Food is life

Light and pleasing as angel’s food, Sharon Boorstin’s Let Us Eat Cake is a food memoir that’s short on meaty substance and long on heartfelt sweetness. A former restaurant critic for the Los Angeles Herald-Tribune, Boorstin has written a book full of recollections, recipes and reconnections with close friends of bygone days. The author’s own journey through baby-boomer life has a nostalgic, Everywoman gleam. The details are easy to cozy up to: the huge freezer her parents kept in the kitchen with almost everything, from marshmallows to salmon, inside; the fancy French dinner parties she fumbled through to impress dates as a young co-ed.

Let Us Eat Cake is a book about food, but it’s more about friendship. The food forms links in the chain of friends Boorstin fuses together. Even though Boorstin and the women she’s become close with over the years have moved through career changes, decaying relationships and growing children, the food they’ve cooked together has remained a touch point.

Boorstin writes of her middle-class childhood in Seattle, of growing up in a family that loved food—but not the gourmet kind. (The author’s mother, in fact, fed the family a steady stream of ground-beef casseroles.) In the first half of the book, she recounts coming into maturity just before women’s lib and flower power, in that generation of women who still adhered to the pre-WWII ideals of their parents. Boorstin then recalls her best friends—from giggling girls in the go-go ’60s to affluent educated couples in the ’70s—and their own experiences and associations with food.

The second half of the book loses its momentum when Boorstin strays from the path of her own story and her friends. She relates the tales of other women in short, choppy chapters that have the breezy tone of a magazine article. (Let Us Eat Cake, in fact, sprouted from a series of articles Boorstin wrote for More magazine.) Even though it’s fun to flutter through anecdotes of such big names in cooking as Julia Child and Nancy Silverton, Boorstin writes most convincingly when she focuses on tales of her own old friends and how their paths come to intersect through the years, the bonds only growing stronger as they face life’s challenges.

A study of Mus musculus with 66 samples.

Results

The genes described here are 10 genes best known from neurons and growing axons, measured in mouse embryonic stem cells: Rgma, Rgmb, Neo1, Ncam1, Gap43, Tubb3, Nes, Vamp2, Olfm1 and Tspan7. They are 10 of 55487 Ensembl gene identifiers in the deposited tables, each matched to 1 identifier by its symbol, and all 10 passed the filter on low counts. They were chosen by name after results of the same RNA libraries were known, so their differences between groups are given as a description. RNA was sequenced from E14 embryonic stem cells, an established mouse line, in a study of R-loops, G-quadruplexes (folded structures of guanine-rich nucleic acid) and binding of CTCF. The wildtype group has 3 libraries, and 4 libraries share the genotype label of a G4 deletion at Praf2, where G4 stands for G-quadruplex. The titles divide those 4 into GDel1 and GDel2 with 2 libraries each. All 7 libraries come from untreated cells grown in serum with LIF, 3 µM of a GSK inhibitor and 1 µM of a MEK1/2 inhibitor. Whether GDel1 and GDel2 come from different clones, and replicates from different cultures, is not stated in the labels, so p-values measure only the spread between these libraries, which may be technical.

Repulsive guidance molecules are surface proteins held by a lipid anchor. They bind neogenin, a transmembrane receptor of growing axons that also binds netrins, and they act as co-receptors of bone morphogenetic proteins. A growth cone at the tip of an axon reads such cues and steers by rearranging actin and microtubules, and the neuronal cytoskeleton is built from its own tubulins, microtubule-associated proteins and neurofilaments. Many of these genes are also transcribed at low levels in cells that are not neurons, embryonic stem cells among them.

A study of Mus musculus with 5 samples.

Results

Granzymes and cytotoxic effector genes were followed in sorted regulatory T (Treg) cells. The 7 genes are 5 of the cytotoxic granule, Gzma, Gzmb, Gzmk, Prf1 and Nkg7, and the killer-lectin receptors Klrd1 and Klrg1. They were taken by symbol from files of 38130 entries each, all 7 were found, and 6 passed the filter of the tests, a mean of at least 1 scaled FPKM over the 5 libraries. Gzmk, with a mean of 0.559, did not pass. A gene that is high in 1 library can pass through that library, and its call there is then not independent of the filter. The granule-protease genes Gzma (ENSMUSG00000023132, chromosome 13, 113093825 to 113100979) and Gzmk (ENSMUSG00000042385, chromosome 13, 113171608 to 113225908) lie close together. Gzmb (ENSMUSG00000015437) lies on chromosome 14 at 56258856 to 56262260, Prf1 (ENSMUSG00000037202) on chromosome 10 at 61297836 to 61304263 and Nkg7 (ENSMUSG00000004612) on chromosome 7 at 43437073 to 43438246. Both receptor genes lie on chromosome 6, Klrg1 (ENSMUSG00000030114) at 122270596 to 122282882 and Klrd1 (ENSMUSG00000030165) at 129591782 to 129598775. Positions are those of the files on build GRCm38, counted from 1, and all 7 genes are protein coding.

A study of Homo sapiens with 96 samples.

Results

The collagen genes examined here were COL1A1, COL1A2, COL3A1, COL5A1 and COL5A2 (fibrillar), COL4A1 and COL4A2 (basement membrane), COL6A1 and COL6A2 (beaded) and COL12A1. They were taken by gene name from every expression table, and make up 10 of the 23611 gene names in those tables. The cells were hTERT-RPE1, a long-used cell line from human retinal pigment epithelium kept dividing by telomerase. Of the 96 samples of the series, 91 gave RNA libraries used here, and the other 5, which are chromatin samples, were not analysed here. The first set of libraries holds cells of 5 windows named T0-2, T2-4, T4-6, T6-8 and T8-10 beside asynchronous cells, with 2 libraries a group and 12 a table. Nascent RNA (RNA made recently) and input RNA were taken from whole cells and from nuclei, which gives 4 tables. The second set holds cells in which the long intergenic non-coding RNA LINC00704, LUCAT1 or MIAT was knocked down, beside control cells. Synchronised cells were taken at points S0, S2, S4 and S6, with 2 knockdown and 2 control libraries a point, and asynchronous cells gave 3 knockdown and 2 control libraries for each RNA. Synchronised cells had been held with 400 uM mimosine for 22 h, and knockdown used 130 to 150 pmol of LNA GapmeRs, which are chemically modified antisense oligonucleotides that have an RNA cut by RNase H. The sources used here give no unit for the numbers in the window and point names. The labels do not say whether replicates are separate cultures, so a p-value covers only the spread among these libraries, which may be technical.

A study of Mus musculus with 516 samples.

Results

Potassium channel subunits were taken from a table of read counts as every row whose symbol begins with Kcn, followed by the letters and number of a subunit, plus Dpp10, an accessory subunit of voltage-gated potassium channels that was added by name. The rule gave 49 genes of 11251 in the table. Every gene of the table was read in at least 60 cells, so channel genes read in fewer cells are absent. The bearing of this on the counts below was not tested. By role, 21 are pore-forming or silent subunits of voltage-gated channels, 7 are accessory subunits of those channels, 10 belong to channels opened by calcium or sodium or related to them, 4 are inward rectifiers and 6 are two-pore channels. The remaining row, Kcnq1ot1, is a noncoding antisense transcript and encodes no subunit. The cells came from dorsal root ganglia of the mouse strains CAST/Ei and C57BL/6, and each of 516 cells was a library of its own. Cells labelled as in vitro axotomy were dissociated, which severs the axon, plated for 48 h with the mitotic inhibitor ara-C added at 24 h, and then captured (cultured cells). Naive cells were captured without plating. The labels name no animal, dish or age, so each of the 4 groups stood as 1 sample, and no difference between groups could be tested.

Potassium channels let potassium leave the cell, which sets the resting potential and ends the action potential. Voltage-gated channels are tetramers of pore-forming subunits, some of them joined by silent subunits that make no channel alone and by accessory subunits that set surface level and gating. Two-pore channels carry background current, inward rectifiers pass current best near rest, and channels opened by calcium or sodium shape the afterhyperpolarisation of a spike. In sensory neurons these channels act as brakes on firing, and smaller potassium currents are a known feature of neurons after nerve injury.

The recipes at the end of the chapters drive home the women’s connection through food; it’s sort of like meeting someone after you’ve heard so many good things about them. Even though many of the recipes offer a retro appeal (Moonshadow chicken, Grandma’s blintzes, and a very ’50s Canlis salad), Boorstin wisely includes only dishes that can still whet the appetites of cooks in 2002 (she shrewdly omits Aunt Myra’s pickled salmon).

Even though Boorstin was a restaurant critic and avid cook, she’s no kitchen professional—just as the rest of us aren’t. Like most home cooks, she’s simply enthusiastic about exploring new foods and reminiscing about classic ones. Let Us Eat Cake offers no voyeuristic thrills of life on a frantic, demanding line in a high-profile restaurant. Instead, Boorstin assembles a casual gallery of kitchen follies that many of us have experienced ourselves: foiled batches of brownies, dinner-party pheasants that refused to brown. It’s what infuses the book with the breezy yet affirming tone that makes it an amiable quasi memoir.

Boorstin’s writing may not be as elegant as M.F.K. Fisher’s or as enchanting as Ruth Reichl’s, but Let Us Eat Cake infuses just enough warmth and reflection into its chatty reminiscences to make it a worthwhile read.